Music News

Published on June 30th, 2016 | by Amber Healy


It is unreasonable to try and hold internet service providers (ISPs) responsible the content a subscriber uses or for downloads, even if that content has been pirated or otherwise illegally obtained.

That’s the case being argued in the US District Court for the Southern District of New York, where Windstream is fighting legal action against it from BMG Rights Management and Rightscorp, a separate company that executes BMG’s contracts. A copy of the filing was obtained by A Journal of Musical Things Wednesday evening.

BMG claims Windstream is complicit in copyright infringement brought about by its customers by downloading pirated content, namely music owned by BMG. For the past five years, BMG, via Rightscorp, has been sending Windstream notices with settlement demands.

Windstream isn’t having it. In a motion filed Tuesday in the Manhattan court, Windstream argues that, “As a pipeline to the internet, Windstream does not monitor or otherwise control the manner in which its subscribers utilize their Windstream internet connection and does not initiate, control, select or modify the material or content transmitted by Windstream subscribers over Windstream’s network.” Further, Windstream has no ability to determine or monitor the files stored on users’ computers or identify any files obtained through sites like BitTorrent.

In the five years since BMG and Rightscorp started sending Windstream notices alleging infringement of BMG’s copyrights, the company has received dozens of letters saying Windstream is “liable for contributory and vicarious copyright infringement,” the company says. The notices don’t follow a set structure, meaning each must be manually processed.

“The notices lack sufficient details to show the occurrence of actual copyright infringement and the specific identity of the person(s) accused of infringing BMG’s copyrights, making it impossible for Windstream to know whether any of its subscribers have actually infringed upon BMG’s copyrights using Windstream’s network,” the document continues. Windstream recently has been accused of “allowing repeat copyright infringers to use Windstream’s network to infringe upon BMG’s copyrights,” and should be responsible for “actual or statutory damages as high as $150,000 per infringed work.”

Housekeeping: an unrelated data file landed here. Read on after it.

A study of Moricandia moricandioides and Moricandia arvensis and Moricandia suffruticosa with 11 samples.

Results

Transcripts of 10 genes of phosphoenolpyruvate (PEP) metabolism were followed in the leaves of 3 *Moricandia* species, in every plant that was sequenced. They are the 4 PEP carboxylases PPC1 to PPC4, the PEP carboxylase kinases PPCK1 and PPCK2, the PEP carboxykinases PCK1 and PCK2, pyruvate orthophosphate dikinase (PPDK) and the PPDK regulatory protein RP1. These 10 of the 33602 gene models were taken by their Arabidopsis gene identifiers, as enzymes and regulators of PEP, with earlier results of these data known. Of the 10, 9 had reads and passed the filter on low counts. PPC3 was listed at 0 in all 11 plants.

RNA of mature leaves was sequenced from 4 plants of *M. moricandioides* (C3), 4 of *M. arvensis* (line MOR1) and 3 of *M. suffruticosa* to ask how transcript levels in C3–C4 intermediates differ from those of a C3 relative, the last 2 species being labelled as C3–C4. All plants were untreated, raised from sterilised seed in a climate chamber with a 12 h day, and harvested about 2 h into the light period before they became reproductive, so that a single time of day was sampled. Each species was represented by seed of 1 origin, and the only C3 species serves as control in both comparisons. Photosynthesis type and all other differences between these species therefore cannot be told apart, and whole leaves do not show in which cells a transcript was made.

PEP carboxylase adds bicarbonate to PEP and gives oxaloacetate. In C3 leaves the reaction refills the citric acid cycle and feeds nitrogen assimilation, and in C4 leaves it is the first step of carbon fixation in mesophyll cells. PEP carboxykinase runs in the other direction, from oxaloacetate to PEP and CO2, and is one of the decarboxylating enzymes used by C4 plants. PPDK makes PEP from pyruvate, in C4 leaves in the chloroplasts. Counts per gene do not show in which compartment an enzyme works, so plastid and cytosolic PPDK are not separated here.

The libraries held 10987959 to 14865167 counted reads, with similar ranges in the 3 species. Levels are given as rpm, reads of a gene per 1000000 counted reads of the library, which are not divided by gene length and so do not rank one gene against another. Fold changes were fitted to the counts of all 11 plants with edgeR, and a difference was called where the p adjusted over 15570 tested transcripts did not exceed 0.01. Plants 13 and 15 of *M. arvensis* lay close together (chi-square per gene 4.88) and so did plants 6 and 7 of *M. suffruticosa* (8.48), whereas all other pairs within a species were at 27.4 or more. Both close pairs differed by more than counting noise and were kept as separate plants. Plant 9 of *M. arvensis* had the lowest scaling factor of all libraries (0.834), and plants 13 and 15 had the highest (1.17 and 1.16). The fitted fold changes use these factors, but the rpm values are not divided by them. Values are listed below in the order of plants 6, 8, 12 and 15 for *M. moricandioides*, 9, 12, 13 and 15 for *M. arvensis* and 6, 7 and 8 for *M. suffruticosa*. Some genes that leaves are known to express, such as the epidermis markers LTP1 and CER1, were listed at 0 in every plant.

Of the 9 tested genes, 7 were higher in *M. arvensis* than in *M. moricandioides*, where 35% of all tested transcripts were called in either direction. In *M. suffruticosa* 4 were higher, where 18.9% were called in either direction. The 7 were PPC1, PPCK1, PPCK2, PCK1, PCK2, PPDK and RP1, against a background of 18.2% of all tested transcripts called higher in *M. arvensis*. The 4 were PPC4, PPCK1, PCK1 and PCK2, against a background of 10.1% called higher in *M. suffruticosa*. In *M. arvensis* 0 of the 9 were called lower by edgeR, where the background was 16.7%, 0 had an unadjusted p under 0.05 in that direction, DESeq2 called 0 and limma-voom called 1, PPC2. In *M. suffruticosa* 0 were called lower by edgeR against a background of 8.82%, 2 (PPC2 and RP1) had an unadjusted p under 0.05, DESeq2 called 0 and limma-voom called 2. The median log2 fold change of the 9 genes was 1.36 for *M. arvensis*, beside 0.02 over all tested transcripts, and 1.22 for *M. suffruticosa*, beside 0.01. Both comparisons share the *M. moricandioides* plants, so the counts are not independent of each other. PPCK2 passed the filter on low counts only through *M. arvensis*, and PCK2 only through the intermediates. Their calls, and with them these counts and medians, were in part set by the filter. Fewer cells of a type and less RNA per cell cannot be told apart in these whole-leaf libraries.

Windstream maintains it is merely a “conduit for the transmission of internet services” and therefore cannot be subject to the take-down notices allowed under the Digital Millennium Copyright Act. The company is asking the court to toss all allegations against it, find that Windstream hasn’t been negligent or complicit in any illegal activity and, therefore, BMG isn’t owed any compensation.

Last year, a federal jury in Virginia awarded $25 million in damages to BMG and Rightscorp, ruling that Cox Communications essentially turned a “blind eye to musical piracy,” ArsTechnica reported at the time. The judge in that case, US District Judge Liam O’Grady, ruled that the cable and internet provider  was not protected under the DMCA “safe harbor” provision because it did not “reasonably implement” a policy to find and cut off service to customers who repeatedly infringed on copyright protections.